As black women, we’re sometimes put into this box. We wear something or pioneer a look, and it’s considered “ghetto.” Then a little later, people decide that’s a new cool thing, and we don’t get the credit. It doesn’t come from nowhere. I love the fact that Pat does what she does and no one can tell her whether that’s “allowed” or “appropriate.” She has this power where it’s like, “Oh, well if Pat did it, then it’s cool.” People admire her because of who she is, as an authentic leader and creative person. To me, that’s the goal. And when I look at other black women who are so creative and expressive, that’s what I want for them.
What women—and black women, in particular, have shown me—is that if we lift each other up, we all benefit. There are instances where I’m like, “I can do this, but I’m going to bring other people in because I can.” Every single time, I realize again that collaboration improves the work. It can be better and more magical with others than I could make it alone.
So just think of how incredible and how fierce it would be if women collaborated with each other more; if we saw each other as allies and not as competition. I have never regretted sharing opportunities with other women, and in those times that I’ve hesitated, it’s forced me to think about the misogyny that I’ve internalized. When people say women aren’t “cool” or that women are passive aggressive—those messages feed this idea that only a handful of women deserve to succeed. And who benefits when women see each other as a threat? And don’t work together? The status quo. And men.
Working with other women has also reinforced for me how important it is to tell someone what their work means and to encourage them. There are tons of women whose names I want people to know: Sharon Chuter from UOMA Beauty, is one example. She is a fellow Nigerian and her brand is just killing it. I tell her all the time, “Girl, you’re out here killing it.” Naomi Campbell is an icon. And Karen Civil, who knows all about music and hip hop—that woman is a big deal!
But supporting other women isn’t just about business or mentorship because there are the women that I know most people will never hear about who matter just as much to me as those bigger names. I think all the time about a woman I served with when I was in the U.S. Army. I was going through a divorce and I was at work; I had started the YouTube channel, but I wasn’t on social media full-time and I just remember feeling like I was going to crash and burn. A lieutenant found me in the bathroom at March Air Reserve Base, crying my eyes out, mascara running. I was the only girl who wore makeup on base in the whole company. She was obviously superior to me, but she saw me crying and could tell that I was just having a breakdown, just going through it.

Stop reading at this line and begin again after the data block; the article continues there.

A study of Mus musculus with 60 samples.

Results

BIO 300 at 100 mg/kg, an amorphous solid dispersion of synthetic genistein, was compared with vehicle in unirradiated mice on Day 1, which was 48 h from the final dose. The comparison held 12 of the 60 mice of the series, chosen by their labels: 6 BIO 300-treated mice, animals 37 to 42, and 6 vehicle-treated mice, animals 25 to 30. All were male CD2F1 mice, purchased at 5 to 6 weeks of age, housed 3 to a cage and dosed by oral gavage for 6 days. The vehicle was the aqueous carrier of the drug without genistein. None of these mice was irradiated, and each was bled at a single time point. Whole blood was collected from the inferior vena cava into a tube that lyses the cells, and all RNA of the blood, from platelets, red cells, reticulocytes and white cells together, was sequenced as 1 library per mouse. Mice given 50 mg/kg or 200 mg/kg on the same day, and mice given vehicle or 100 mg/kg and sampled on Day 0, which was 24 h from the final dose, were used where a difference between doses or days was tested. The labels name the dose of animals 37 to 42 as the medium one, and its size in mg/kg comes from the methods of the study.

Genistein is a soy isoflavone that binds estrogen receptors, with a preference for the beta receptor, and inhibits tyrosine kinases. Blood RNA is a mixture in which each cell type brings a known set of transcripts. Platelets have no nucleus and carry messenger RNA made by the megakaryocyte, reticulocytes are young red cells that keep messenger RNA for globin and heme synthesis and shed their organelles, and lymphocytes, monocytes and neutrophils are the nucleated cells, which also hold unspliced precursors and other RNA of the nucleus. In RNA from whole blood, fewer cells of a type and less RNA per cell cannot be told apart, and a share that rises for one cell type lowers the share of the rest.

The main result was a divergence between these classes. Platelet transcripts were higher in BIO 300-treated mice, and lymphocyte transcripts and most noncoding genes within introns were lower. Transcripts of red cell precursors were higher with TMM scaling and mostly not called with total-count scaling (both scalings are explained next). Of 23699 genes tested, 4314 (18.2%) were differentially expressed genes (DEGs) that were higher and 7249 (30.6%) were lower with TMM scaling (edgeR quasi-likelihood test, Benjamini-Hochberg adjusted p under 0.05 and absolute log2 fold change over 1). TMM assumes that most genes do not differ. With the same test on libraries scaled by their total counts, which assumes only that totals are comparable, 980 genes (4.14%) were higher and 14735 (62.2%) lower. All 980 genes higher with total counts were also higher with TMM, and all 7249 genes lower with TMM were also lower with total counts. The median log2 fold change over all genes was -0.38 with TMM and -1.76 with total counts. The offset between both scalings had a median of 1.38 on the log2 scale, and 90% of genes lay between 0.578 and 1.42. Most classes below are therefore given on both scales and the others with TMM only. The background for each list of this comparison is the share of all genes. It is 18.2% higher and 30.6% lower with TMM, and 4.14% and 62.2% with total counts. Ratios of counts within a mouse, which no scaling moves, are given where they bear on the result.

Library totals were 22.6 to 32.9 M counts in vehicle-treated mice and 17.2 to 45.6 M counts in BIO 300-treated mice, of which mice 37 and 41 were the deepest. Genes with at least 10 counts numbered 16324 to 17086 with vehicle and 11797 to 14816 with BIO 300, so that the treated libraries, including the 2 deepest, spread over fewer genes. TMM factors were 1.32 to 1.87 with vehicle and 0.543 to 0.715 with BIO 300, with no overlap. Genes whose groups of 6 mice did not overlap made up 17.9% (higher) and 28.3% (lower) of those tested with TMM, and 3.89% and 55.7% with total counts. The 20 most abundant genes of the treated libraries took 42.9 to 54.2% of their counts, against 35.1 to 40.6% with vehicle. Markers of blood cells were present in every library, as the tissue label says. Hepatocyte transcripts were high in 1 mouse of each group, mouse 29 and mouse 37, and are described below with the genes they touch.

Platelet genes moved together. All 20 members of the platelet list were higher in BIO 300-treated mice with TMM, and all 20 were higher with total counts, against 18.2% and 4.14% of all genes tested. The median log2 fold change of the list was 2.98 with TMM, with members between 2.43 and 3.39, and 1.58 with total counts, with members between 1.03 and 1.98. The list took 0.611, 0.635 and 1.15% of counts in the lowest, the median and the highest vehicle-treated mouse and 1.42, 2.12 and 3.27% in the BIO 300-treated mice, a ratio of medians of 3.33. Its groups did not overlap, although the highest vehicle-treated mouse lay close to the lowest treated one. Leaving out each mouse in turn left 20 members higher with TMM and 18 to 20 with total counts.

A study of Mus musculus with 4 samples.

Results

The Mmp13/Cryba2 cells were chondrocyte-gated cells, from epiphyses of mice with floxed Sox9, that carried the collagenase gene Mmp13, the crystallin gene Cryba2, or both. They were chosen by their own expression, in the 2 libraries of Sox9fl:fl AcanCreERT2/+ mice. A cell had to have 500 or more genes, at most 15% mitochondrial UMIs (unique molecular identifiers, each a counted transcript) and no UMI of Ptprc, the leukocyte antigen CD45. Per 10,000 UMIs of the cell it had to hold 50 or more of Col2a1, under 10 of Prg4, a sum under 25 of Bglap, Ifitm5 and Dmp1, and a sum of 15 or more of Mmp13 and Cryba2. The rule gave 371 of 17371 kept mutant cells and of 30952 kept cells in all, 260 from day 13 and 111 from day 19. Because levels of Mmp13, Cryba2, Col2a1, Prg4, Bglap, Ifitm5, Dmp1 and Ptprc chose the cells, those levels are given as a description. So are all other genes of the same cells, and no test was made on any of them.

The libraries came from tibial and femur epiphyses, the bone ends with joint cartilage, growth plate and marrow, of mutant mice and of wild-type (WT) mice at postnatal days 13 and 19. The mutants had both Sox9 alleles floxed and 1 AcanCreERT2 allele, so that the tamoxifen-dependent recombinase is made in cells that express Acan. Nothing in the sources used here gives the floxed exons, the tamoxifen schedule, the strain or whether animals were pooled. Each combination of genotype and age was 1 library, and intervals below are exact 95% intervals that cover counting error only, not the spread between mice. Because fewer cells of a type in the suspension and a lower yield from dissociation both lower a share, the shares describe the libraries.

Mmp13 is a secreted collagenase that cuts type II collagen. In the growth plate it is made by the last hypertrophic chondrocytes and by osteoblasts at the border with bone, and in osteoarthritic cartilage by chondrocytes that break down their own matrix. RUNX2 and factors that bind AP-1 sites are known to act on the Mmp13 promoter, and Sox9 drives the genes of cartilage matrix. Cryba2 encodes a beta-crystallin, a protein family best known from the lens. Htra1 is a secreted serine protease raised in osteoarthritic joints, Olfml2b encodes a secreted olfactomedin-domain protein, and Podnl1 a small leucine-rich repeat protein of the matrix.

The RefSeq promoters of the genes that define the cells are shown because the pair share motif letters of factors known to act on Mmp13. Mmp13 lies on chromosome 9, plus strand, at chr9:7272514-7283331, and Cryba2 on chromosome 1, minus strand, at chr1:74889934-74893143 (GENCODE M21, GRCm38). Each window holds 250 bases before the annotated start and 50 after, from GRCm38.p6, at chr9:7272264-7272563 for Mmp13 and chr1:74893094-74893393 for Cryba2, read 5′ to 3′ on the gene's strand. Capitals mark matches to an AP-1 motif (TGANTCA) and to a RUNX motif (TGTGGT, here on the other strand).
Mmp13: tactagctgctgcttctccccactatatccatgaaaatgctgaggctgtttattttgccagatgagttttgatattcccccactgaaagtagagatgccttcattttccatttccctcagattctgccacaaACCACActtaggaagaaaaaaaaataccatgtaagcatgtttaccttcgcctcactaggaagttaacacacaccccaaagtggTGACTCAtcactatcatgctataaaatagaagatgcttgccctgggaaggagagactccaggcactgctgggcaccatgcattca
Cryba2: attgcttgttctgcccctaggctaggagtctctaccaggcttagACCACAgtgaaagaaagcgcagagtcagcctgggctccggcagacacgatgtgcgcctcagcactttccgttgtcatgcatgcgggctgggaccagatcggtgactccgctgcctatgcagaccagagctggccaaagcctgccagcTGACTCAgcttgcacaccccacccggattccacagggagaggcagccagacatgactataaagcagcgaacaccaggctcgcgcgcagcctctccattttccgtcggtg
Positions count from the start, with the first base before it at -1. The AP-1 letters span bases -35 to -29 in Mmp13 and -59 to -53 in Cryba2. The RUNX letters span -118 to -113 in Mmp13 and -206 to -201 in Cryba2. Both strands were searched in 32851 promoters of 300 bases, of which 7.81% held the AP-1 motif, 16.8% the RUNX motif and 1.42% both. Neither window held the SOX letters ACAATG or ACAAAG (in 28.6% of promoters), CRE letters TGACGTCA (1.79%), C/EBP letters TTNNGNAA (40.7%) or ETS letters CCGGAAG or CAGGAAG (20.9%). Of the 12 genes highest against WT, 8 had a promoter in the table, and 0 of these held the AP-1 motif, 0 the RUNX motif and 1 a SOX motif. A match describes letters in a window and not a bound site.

I had never met this woman before, but she was also black and there weren’t a lot of us. Plus, she was so far above me in terms of rank. But she saw me just weeping and gave me the words that forever changed my life. She said, “Whatever you’re going through right now, this is not your final destination. You are more than this. You can make it through this.” It was a turning point for me, that this stranger would look at me and know that I was destined for something better than what I was dealing with at the time. It motivated me.
For every major moment in my life, a woman has been there, rooting for me. Even if we didn’t know each other that well or I felt like I didn’t deserve it, someone has seen me and said to me, “You can do this.” When I think about celebrating other women, that’s what I remember—how each of us can be that person for another woman. It’s a responsibility, but it’s also a privilege.
March 8 is International Women’s Day. To celebrate, we asked women like Jackie Aina, Cecile Richards, Andrea Mitchell, and more to reflect on how other women have lifted them up—mentored them, advised them, represented them, and above all showed them what was possible. We’ll be sharing their stories here all week.